On the second and fourth Mondays of the month I head out to New Jersey to spend an hour with a group who are upwards of 70, 80, and 90 years of age. We sit around a table in the card room of their residence. We talk and write and read to each other, laugh a lot, and sometimes wipe away some tears.
Sometimes we listen to music or look at pictures to get us started. This week I thought my friends might enjoy a prompt from a book called Room to Write by Bonni Goldberg. We’re always told to write what we know, she says, but how about if we start with what we know and build on it? LIke Emily Bronte who sat in a room and wrote with limited experience and unlimited imagination. Write about something you’ve never done as if you had.
What should we name it? Suggestions were called out. “Let’s Pretend” won. I set the timer for ten minutes, and we were off. Looking around I saw ten pieces of paper filling up with words and ten heads bent down over ten hands writing fast.
Ok. Time to read.
This group has been going for a year and a half, so many here have practice in free writing. At first it was hard to get the writing going. This particular prompt proved to be magic.
We started with B. She began to read a tale from the point of view of a child living on a farm in Nigeria. (In previous pieces she’d written about her own childhood on a farm Upstate during the Depression.) Her African characters were poor but always had food because they were farmers, much as in her own experience. Then the story took off as the parents die of an Ebola-like disease and the children set off to find a better life. They’re seized by a gang that tries to turn them into soldiers, and finally the eldest heads into the jungle to escape his captors, but his siblings refuse to join him. All in a 10-minute writing!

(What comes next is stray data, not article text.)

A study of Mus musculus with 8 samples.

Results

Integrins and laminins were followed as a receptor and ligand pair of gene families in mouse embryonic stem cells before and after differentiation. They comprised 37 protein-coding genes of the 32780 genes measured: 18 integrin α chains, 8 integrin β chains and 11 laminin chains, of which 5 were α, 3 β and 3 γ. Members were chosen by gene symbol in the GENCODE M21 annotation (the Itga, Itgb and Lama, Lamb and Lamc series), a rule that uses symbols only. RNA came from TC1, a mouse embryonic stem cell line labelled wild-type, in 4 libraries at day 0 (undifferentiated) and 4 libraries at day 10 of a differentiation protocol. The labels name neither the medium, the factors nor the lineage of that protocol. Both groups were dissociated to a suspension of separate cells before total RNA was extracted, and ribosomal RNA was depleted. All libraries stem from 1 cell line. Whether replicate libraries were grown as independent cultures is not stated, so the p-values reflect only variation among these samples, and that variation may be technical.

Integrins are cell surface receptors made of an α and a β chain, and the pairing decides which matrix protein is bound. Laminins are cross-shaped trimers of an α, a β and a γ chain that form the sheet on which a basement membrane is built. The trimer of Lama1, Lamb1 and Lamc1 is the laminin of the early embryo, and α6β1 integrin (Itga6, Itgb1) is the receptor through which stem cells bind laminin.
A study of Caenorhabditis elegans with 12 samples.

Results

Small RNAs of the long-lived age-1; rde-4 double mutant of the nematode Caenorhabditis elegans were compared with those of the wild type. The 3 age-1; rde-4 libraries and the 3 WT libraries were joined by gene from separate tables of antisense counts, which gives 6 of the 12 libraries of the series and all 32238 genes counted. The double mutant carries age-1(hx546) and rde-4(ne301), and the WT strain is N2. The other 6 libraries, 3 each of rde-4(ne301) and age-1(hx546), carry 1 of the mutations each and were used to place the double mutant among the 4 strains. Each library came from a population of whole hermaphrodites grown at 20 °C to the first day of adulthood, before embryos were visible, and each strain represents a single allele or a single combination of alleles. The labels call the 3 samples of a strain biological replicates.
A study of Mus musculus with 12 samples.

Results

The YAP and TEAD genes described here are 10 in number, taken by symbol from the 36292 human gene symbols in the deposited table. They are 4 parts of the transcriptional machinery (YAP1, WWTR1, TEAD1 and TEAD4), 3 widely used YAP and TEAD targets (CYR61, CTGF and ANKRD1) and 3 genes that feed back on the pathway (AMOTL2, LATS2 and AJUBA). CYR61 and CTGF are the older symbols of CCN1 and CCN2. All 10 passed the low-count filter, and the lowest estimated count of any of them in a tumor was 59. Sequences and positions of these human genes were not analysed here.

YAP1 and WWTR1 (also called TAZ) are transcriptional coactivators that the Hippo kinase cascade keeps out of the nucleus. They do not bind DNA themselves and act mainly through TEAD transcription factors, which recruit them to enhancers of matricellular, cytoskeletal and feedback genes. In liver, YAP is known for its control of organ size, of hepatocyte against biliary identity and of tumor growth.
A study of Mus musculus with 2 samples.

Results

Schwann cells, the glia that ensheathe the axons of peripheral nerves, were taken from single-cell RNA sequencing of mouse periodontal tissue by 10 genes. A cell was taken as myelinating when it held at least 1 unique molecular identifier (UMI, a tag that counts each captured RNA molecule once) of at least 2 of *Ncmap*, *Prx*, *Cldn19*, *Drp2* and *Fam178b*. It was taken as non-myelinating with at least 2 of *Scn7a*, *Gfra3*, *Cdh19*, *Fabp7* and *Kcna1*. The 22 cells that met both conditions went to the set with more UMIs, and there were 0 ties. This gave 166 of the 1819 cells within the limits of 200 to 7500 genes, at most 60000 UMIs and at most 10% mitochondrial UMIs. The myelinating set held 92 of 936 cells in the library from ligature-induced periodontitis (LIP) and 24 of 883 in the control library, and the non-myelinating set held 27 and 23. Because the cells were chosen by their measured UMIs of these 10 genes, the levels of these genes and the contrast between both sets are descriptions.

Next J., whose prose is always elegant and cogent, writes in the voice of an astronaut. “I have trained for two years for this day.” Much detail about the clothes, the weightlessness, the equipment, the thrill of seeing the Earth from so many different angles. Good, vivid writing. Especially imaginative since J. fears heights so much she won’t sit in a theater balcony!
E. writes such a realistic account of skydiving that we all ask, “Did you really go skydiving?” “No, but I wanted to, ” she says vehemently. I love the part about how she’s up in the plane and decides she doesn’t want to go through with it. But she’s already strapped to her instructor, the door is opened, and they’re tumbling down. How quiet it is! How she feels like a bird!
Other stories: A.,a children’s book author, writes about her fictional career as a doctor.
E., who in fact escaped from an Eastern European country the day before the Germans rolled in at the beginning of the Second World War, writes about flying in a hot air balloon and a helicopter over New York with characteristic grace and humor.
The final story by S. is the capper. “I am 5’8” and slender,” she begins, and everyone breaks into delighted laughter. “I enjoy shopping for clothes” - guffaws - “So yesterday I went to the mall. Good! They have size 8.” We’re now all helplessly, raucously hysterical, sharing in this, the most extreme fantasy yet. “I bring a lovely green pants suit into the fitting room and decide to try the pants on first. Oh no! They come up to my ankles -- too short!” A wry smile on her face above all 4 feet 11 inches of her.
“You know what it is about this class,” one of my writing buddies says. “You make us think.”
In the past year I’ve taught creative writing and songwriting workshops for high school age students at Riverdale Country School, for the Tribes Hill music collective in Westchester, for Feel the Music at the Lenox Senior Center in NYC, and at the 5 Star Residence in Teaneck, NJ. If you have a group that might be interested in a workshop or if you know about similar programs or groups where writing like this might fit, please drop me a line at firstname.lastname@example.org.